Many companies, especially small and medium size businesses, may be unaware of the sizable cost savings and other benefits they can gain from by taking advantage of U.S. foreign trade zone (FTZ) programs.
What are Foreign Trade Zones?
FTZs and subzones are dedicated areas where goods can land, be repackaged, modified, manipulated, relabeled, manufactured further, and re-exported without paying U.S. custom duties. In short, goods imported into FTZs or subzones are treated as being offshores – or in other words, outside the United States. Even though the goods are technically imported into the U.S., they are treated as though they were never brought into the United States’ jurisdiction.
Ngosong Fonkem, West Virginia University 2011 (JD, MBA) and Tulane 2012 (LLM), is an international trade attorney with Page Fura PC, Chicago. He assists U.S. and foreign companies in compliance with U.S. trade laws.
According to the United States Department of Commerce (DOC) International Trade Administration (ITA), “an FTZ helps encourage U.S. activity and value added – in competition with foreign alternatives – by allowing delayed or reduced duty payments on foreign merchandise, as well as other savings.”1
It is especially useful to companies that import components to manufacture finished products for export where components can be substantially transformed through manufacturing or assembly operations into a new or finished product with a new HTS code – and in some cases, reduce the duty impact of the product.
According to a 2017 report by the DOC’s Foreign Trade Zones Board (FTZB), approximately $669 billion worth of both foreign and domestic material entered into FTZ, and about $87 billion was exported from them.2
Benefits of Using Foreign Trade Zones
Not only are reduced duties an added benefit of an FTZ, using these zones can also significantly reduce costs from customs duties, and tariffs, and minimize bureaucratic regulations. Thus, an FTZ program can improve a company’s global market competitiveness.
Since an FTZ is considered outside the commerce of the U.S., it can also be used to take advantage of crossdocking and transferring goods from one FTZ to another without paying customs duties. Many U.S. companies now employ this strategy.
To take advantage of an FTZ, companies need to track their inventory, trace manufacturing and production orders, determine whether materials came from domestic or international sources, and classify goods for duty deferrals or reductions.
Implications of Sections 301 and 232 Tariffs
Although FTZs can significantly reduce costs, due to recent U.S. trade action against China, certain provisions in the Section 301 tariff3 may require payment on the value of the Chinese components, whether or not the product was transformed into a finished good in an FTZ.4
Thus, even if products are shipped from the zone directly to Mexico or Canada, the China tariffs may still apply due to NAFTA rule (USMCA), unless the products are exempted.
Similarly, with regard to Section 232 tariffs, all products previously admitted as privileged foreign status5 in an FTZ – that remains in the FTZ and is not withdrawn for consumption until after the tariffs go into effect – are subject to additional duties.6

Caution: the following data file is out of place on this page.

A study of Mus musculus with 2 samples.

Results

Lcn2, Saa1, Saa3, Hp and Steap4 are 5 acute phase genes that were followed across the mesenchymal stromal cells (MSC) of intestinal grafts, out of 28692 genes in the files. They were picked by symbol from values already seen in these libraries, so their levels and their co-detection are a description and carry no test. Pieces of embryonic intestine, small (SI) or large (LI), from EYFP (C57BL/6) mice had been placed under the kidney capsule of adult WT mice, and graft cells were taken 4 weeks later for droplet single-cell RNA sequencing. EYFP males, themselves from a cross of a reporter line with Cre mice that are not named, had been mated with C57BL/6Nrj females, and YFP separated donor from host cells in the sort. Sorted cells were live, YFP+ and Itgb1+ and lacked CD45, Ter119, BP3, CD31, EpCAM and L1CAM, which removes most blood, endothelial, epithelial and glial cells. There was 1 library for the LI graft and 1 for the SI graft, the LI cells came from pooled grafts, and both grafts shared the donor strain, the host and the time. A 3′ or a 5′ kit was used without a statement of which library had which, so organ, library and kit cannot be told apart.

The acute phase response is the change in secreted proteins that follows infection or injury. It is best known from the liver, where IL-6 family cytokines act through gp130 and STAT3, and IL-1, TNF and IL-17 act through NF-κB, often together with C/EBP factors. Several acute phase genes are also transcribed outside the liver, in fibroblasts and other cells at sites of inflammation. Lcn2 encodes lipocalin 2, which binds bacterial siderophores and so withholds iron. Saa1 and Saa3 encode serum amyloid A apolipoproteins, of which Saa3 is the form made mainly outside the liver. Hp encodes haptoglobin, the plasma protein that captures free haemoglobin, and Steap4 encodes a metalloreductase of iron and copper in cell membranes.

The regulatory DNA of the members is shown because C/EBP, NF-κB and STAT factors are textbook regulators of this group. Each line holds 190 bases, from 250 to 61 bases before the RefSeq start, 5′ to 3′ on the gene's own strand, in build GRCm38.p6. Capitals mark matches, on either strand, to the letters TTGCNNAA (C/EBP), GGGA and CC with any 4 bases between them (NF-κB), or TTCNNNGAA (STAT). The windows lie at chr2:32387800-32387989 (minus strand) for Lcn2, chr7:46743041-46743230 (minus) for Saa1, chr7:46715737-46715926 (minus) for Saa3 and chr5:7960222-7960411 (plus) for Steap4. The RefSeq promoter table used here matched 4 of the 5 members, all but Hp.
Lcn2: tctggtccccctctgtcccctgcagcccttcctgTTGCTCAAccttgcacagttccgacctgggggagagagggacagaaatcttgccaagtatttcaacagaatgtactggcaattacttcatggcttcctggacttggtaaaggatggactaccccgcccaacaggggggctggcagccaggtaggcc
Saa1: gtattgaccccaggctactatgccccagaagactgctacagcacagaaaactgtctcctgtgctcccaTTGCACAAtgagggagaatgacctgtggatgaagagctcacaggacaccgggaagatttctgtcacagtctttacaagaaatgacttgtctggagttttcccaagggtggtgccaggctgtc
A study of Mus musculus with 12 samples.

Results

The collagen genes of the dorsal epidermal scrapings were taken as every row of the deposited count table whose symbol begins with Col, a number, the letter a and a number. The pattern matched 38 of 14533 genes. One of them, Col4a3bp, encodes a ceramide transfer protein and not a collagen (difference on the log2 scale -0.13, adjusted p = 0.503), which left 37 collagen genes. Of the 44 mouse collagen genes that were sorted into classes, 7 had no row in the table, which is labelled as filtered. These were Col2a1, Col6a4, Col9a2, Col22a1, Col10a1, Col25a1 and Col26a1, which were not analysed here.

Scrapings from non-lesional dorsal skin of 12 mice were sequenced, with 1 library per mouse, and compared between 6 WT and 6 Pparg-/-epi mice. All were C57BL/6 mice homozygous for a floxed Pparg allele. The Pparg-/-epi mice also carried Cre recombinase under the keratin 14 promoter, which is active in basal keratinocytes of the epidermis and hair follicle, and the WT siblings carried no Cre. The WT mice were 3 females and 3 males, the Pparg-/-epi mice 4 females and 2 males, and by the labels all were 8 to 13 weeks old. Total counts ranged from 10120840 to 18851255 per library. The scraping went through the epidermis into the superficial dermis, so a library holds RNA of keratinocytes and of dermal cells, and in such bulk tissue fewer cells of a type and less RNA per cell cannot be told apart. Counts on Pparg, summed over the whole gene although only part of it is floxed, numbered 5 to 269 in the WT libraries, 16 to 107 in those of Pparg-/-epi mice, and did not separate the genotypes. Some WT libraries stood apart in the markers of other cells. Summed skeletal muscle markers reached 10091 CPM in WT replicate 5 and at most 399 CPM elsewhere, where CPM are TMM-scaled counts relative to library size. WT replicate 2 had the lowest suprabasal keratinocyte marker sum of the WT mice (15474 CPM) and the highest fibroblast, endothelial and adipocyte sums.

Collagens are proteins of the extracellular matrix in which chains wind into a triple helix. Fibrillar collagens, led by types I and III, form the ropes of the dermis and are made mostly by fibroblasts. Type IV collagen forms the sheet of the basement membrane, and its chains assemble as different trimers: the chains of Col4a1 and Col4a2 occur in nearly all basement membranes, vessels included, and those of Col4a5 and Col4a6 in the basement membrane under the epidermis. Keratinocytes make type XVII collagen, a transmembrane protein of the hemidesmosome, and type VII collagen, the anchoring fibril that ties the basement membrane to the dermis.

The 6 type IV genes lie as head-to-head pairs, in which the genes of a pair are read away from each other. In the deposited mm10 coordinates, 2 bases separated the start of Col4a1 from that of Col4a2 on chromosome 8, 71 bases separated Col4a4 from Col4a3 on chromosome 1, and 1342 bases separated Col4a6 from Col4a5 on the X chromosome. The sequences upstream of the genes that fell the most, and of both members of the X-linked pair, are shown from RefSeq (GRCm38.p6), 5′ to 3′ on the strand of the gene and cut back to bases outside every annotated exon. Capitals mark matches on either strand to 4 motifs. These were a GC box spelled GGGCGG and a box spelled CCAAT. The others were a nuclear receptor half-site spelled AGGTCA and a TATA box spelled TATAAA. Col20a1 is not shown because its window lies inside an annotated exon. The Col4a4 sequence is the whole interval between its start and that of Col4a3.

Regardless of these narrow exceptions brought by Section 301 retaliation and Section 232 tariffs, an FTZ remains a legal means to mitigate and reduce business costs.
How Obtain an FTZ Designation
Obtaining an FTZ or subzone designation in the U.S. is a four-step process:
1) The interested corporation (also known as the “operator” when granted an FTZ) must submit a written statement of need of services to the FTZ Grantee (an FTZ Grantee is the corporate recipient of a grant of authority for a zone project).
2) Upon the FTZ Grantee’s affirmation of the need for an FTZ, the FTZ Grantee shall apply for an FTZ with the FTZ Board (FTZB) at the U.S. Department of Commerce International Trade Administration.7
3) If the proposed FTZ involves production8 activities, the FTZB shall require that the interested company provide additional information by submitting a production application.9
4) Upon approval of FTZ designation by the FTZB, the operator must then request FTZ Activation10 from its local U.S. Custom and Border Protection (CBP). FTZ procedures cannot begin at the facility until it is activated by CBP.
Conclusion: Benefits Can Be Significant
The benefits to U.S. companies implementing an FTZ program are significant. It is not only a solution to companies losing additional money to tariffs, but also a strategy to adapt to ever-changing trade environment.
1 See enforcement.trade.gov.
2 79th Annual Report of the Foreign-Trade Zones Board to the Congress of the United States (2017).
3 See Federal Register 83 FR 28710.
4 See Section 301 Trade Remedies Frequently Asked Questions, and “Foreign Trade Zones” in the U.S. Customs and Border Protection Update: Sec. 301 Trade Remedies to be Assessed on Certain Products from China 7/6/18.
5 See definition of “Privileged Foreign (PF) Status” in the U.S. FTZB Enforcement and Compliance Glossary of FTZ Terms.
6 See Proclamation on Adjusting Imports of Derivative Aluminum Articles and Derivative Steel Articles into the United States.
7 See Video: Fundamentals of Using a Foreign-Trade Zone.
8 See definition of “Production” in the U.S. FTZB Enforcement and Compliance Glossary of FTZ Terms (15 CFR 400.2(o)).
9 See The ABCs of Production in FTZs.
10 See definition of “Activation” in the U.S. FTZB Enforcement and Compliance Glossary of FTZ Terms.